Gary Shalon and Ziv Orenstein pleaded guilty to orchestrating a computer hacking and fraud scheme that included, but was not limited to, the theft of 83 million customer credentials from JPMorgan. [Read More]
Two Japanese men were arrested for allegedly stealing money from an ATM, with local media reporting they were part of a coordinated nationwide heist that netted millions of dollars earlier this month. [Read More]
A Ukrainian national has pleaded guilty to charges of hacking into databases holding unpublished company press releases to gain insider information that led to $30 million in illicit gains, officials said. [Read More]
Blame for the February cyber theft of $81 million dollars from the Bangladesh central bank New York reserves in February has been levelled at SWIFT technicians by the investigating Bangladeshi police, which SWIFT rejects. [Read More]
When it comes to cybercrime, the police really can’t and aren’t going to protect residents of your town. The same goes for all towns and cities. Unless you’re talking a high six-figure theft, it's unlikely an officer will be assigned to your case.
To effectively defend yourself against an enemy, you have to think like your adversary. Put yourself in their mind, their shoes. What’s the motive? How determined are they? Will they stop at a well-hardened network perimeter or move on to other tactics, including social engineering? Once you suffer a breach, how do you share your analysis?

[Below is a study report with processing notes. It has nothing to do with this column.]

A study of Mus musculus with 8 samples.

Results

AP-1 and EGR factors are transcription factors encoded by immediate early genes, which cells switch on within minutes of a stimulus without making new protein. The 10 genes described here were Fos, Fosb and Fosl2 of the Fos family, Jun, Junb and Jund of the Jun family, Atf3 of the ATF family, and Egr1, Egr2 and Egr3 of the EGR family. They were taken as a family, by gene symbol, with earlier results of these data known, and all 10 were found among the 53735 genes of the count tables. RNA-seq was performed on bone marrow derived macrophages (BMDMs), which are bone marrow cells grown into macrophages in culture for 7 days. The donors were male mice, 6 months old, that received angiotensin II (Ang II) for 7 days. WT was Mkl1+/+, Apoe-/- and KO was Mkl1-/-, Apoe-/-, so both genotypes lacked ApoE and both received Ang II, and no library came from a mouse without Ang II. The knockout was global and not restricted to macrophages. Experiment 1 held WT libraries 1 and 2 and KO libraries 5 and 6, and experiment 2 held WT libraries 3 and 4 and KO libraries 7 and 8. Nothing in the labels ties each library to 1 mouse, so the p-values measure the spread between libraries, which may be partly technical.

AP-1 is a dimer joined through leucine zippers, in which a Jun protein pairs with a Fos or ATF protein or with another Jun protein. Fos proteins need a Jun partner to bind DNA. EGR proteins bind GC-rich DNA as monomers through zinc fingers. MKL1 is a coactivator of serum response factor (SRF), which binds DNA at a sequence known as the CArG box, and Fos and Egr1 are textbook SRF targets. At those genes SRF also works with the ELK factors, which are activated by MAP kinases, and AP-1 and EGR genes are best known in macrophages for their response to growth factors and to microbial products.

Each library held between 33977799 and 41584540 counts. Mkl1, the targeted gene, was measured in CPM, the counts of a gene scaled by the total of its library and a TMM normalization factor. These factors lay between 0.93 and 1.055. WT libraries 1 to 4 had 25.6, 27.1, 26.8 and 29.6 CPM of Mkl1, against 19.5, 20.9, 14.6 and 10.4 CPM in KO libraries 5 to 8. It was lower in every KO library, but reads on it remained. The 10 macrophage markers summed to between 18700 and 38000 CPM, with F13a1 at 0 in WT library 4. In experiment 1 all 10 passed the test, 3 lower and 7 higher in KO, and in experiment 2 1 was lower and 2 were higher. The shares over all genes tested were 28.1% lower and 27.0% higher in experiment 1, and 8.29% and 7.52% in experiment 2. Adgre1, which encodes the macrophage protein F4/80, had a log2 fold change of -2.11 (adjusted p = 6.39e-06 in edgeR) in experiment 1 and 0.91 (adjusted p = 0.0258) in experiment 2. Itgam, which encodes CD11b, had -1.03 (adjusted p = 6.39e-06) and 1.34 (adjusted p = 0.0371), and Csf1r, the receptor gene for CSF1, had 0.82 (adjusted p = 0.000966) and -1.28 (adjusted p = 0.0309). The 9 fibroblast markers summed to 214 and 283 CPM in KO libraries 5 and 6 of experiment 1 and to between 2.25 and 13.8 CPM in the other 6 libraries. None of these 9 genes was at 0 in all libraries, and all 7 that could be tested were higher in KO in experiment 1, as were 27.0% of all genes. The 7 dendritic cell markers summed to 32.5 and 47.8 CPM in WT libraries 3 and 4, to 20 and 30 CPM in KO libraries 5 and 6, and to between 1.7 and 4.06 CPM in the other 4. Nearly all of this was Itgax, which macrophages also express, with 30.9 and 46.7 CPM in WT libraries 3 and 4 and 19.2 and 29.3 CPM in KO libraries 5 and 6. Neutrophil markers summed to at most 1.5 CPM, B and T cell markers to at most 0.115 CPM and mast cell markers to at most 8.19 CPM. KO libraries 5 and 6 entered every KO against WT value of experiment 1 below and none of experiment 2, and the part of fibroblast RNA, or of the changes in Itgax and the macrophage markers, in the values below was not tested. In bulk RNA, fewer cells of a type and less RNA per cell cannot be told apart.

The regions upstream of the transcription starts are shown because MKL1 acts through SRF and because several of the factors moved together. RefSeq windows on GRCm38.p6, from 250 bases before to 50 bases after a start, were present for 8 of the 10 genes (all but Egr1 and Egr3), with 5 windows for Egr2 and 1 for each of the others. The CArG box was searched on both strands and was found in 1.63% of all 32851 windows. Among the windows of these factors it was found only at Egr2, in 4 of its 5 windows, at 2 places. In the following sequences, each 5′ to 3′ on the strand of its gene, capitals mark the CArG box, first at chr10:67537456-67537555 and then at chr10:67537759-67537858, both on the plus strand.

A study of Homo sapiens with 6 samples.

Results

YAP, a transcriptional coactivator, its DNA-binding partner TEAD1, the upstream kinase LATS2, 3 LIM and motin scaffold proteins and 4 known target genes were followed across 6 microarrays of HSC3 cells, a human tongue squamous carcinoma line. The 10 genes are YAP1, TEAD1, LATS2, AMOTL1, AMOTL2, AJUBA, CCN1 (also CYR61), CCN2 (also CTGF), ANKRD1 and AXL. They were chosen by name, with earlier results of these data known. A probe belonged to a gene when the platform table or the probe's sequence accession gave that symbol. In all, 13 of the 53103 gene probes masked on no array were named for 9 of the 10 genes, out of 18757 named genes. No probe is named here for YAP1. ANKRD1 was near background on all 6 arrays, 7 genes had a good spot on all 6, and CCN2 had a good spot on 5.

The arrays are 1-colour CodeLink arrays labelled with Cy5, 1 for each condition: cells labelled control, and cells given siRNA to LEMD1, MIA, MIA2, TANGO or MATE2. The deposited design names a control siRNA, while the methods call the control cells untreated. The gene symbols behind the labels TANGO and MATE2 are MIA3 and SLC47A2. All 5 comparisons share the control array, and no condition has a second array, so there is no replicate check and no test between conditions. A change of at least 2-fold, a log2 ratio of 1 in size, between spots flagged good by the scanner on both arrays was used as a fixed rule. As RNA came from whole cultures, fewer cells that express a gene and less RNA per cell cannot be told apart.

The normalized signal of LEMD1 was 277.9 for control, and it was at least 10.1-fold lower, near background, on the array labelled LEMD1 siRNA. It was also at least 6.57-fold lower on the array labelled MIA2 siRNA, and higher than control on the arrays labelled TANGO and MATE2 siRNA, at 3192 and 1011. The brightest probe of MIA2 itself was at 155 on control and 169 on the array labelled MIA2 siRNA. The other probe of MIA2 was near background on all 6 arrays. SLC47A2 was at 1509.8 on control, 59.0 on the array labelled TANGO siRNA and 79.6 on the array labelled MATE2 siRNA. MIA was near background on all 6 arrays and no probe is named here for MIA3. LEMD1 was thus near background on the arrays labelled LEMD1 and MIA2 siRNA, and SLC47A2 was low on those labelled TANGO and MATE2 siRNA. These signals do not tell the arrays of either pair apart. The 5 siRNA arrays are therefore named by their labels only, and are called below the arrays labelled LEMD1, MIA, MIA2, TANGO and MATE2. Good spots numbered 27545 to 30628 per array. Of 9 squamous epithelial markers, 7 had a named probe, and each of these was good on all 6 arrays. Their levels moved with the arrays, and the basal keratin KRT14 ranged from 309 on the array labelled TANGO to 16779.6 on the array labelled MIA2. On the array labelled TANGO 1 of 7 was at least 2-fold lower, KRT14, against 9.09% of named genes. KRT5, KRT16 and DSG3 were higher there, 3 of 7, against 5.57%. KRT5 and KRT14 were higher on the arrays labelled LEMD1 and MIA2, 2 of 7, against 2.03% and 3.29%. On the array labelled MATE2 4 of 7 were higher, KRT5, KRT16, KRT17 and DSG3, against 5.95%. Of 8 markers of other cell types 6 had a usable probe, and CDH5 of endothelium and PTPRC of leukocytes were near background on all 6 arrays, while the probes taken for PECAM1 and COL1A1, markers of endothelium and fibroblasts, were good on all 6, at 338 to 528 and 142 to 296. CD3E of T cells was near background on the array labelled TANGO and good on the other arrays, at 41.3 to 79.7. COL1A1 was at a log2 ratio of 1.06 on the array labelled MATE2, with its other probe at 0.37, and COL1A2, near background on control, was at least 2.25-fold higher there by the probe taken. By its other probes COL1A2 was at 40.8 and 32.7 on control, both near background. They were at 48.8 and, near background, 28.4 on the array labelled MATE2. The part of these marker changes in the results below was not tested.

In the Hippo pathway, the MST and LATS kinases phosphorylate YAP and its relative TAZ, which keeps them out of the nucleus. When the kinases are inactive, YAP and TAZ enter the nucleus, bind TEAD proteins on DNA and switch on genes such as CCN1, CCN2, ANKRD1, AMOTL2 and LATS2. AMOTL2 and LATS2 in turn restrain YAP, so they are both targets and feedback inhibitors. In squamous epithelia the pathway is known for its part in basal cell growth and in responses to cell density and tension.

The worlds of counter terrorism and fraud prevention should increase their ties. Systems that are already implemented in one world may be applied to the other. Solution providers and policy makers from both worlds need to meet up and share ideas, thoughts and experience for the benefit of both.
Once a Software Vendor discovers that their software has been pirated, the gut reaction is to put an immediate stop to it. If piracy is discovered, it’s best to react, but don’t overreact. Be proactive, yet patient.